All Saints’ Day
The Reverend Ashley Mather, Curate

Revelation 7:9-17
Psalm 34:1-10, 22
1 John 3:1-3
Matthew 5:1-12


Knit Together with All the Saints

Today is full of richness with it being All Saints’ Day. It is also a day where our collect reminds us that we have been knit together in one communion.

Last weekend we had our annual diocesan convention, and like many other events and gatherings this year, it was like no other. Normally we would have gathered here in Topeka from across the diocese over the course of two days to discuss, debate, and vote on the business of the church. And while that part may not sound glamorous, it’s also a gathering that has a bit of a family reunion feel to it. Clergy and lay leaders get to know one another through these gatherings. There is always someone new to welcome or to meet, and it’s full of joyful hugs, sharing meals together, and simply being in communion with one another.

This year, the diocesan staff worked wonders to pull off this one day virtual gathering that contained minimal glitches and ensured that the business of the church properly took place. As a participant, I was amazed at how seamlessly it all flowed together, and yet, my soul ached for those hugs, those shared words over meals, and those interactions that simply aren’t able to happen in a virtual setting.

But the theme for this convention was that we are “joined and knitted together”, and in Bishop Cathleen’s opening address she used the example of actually knitting to remind us of the many ways that we are knitted together, even in the midst of the physical separation that has had to take place due to COVID-19. And even though my soul still ached for what was, being reminded that we are one people and that we are indeed knit together helped to make the pain a little less.

These days, there seems to be pain and hurt all around us. There have been too many deaths from COVID-19 and from violence. We’re narrowing in on a contentious election that seems too focused on degrading the other side than on fighting the issues. We aren’t able to gather for celebrations or for sorrows, and the pain of this world is becoming too much to bear.

There are no easy fixes for pain this deep, but we can find ways to lessen the collective pain that is weighing on us. Like many of us were reminded at convention, I think we all need to be re-minded of our oneness through Christ, and that through our baptisms, we are marked as Christ’s own forever.

Earlier this week, I was listening to a preaching podcast and one of the pastors shared a story about a little boy dressed up as Super Man for Halloween a few years ago. The pastor noticed that this little boy wasn’t carrying his own candy bag, so he asked him about it. The little boy responded: “It’s too heavy for me.” And the pastor said “but you’re Super Man!” The little boy looked at the muscles on his costume and then looked back at the pastor and whispered “this is just a costume.”

As baptized Christians, sometimes the pain of this world can be so much that we find ourselves saying “this is just a costume,” but unlike this little boy dressed up as Super Man, we are marked as Christ’s own forever. And while sometimes that may feel like a burden, like a costume we want to simply take off, we aren’t Christ’s own individually…we are Christ’s own knit together within the communion of saints.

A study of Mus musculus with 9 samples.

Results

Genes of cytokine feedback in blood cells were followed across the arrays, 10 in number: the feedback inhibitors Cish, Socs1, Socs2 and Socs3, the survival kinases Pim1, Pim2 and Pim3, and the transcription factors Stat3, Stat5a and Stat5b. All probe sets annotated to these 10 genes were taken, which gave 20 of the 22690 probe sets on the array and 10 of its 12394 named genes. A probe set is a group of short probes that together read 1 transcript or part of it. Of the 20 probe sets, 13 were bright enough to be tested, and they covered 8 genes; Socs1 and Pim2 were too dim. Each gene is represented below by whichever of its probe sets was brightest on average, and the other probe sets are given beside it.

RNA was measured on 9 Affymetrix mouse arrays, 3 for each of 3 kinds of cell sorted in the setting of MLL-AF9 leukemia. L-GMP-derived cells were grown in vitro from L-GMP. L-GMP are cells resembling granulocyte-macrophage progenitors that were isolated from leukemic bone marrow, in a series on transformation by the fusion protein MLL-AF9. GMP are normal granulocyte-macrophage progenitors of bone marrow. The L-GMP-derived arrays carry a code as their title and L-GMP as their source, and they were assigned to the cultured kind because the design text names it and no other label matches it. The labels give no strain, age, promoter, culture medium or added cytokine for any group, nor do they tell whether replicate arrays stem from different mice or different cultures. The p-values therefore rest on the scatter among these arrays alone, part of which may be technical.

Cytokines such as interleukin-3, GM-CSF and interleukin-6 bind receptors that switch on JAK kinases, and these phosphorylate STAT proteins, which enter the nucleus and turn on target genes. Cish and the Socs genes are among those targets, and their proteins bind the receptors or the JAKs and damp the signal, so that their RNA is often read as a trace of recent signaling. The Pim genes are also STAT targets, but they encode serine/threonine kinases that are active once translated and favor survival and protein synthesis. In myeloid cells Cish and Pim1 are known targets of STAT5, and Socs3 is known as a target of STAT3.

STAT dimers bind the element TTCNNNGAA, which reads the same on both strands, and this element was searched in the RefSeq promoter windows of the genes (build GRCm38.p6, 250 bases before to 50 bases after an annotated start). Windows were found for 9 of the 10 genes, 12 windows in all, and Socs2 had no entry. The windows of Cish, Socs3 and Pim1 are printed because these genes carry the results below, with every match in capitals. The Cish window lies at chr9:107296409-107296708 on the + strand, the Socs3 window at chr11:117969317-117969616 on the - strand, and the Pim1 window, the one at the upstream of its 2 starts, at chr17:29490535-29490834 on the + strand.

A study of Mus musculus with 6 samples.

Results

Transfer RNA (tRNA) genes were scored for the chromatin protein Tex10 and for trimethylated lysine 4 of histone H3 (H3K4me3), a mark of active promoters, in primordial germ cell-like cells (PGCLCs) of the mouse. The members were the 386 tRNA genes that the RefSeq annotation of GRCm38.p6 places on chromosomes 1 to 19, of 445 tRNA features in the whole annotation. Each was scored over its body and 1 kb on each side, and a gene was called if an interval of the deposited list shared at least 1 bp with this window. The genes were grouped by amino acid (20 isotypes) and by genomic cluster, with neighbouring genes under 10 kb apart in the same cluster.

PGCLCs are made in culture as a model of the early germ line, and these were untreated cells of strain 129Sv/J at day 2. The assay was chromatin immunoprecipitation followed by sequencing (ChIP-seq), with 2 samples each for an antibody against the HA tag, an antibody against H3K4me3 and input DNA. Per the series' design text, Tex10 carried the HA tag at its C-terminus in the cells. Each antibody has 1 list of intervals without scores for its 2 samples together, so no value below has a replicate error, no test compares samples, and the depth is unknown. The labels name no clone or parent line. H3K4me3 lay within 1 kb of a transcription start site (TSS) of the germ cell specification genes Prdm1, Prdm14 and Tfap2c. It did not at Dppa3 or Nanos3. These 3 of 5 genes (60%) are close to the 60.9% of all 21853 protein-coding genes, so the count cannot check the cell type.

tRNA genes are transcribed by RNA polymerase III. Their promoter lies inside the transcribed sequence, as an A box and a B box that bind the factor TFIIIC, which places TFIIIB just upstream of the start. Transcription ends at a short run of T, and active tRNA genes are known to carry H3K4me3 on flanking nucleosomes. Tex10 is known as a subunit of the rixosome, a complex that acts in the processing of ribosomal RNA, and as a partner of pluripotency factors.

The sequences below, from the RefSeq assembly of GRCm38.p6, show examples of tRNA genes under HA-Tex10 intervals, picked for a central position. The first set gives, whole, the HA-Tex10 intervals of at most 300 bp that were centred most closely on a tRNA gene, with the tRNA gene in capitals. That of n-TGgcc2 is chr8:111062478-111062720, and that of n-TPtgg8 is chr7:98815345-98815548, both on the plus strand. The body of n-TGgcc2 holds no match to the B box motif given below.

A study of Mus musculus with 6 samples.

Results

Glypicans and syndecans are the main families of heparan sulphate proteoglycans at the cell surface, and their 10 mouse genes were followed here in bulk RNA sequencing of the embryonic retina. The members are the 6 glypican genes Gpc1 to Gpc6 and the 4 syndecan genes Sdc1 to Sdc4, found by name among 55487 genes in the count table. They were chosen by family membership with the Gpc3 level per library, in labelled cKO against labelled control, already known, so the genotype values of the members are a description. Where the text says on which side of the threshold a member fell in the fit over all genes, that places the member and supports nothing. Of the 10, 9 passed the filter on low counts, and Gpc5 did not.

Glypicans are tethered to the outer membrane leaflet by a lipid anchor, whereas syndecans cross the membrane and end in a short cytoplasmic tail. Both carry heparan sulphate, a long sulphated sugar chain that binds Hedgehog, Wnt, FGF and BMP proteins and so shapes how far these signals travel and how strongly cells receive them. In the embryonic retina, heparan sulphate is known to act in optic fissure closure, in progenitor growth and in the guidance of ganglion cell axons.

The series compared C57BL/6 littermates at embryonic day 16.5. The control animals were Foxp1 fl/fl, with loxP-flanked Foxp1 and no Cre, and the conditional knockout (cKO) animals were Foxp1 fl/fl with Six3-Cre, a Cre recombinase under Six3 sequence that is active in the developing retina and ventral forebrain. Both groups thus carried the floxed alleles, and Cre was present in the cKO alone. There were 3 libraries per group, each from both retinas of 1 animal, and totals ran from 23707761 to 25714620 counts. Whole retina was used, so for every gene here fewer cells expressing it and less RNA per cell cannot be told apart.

Similarly to Bishop Cathleen’s metaphor at convention, it’s as if we are knit together in a blanket as individual stitches that make up the infinite breadth of the communion of saints. This blanket was cast on at the beginning of time and is made up of those saints that have gone before us, and through our baptisms we are knit into this blanket of support. And there is an infinite amount of yarn to incorporate those who have yet to come. Even after being knitted in, there is flexibility in yarn. There is also flexibility in the communion of saints to be the people who God has called us to be, and we are surrounded by the support of our fellow saints while we live out those callings. But being part of this communion also means that we must also be strength to others. It means that we can only stray so far before we feel the bounds of our oneness. So we must seek the balance.

As you all have hopefully heard by now, I have been called to be the next rector at St. Paul’s in Manhattan here in our diocese and will end my time here at Grace at the end of December. Being part of this community has been an incredible blessing on my life, and I will forever be grateful to have served alongside you as your curate. We have two more months together but beginning to say goodbye has been hard, but even in the midst of saying goodbye and even as our relation-ships begin to change, I am comforted to know that we are all knit together within the communion of saints.

So, my fellow saints, as the pain of this world becomes too much to bear, remember that at your baptism you are marked as Christ’s own forever and are part of the communion of saints. Things in our world are different for the time being, and it can feel quite lonely, so for now, I ask that you simply recall the ways in which you are and will always be knit together among the saints.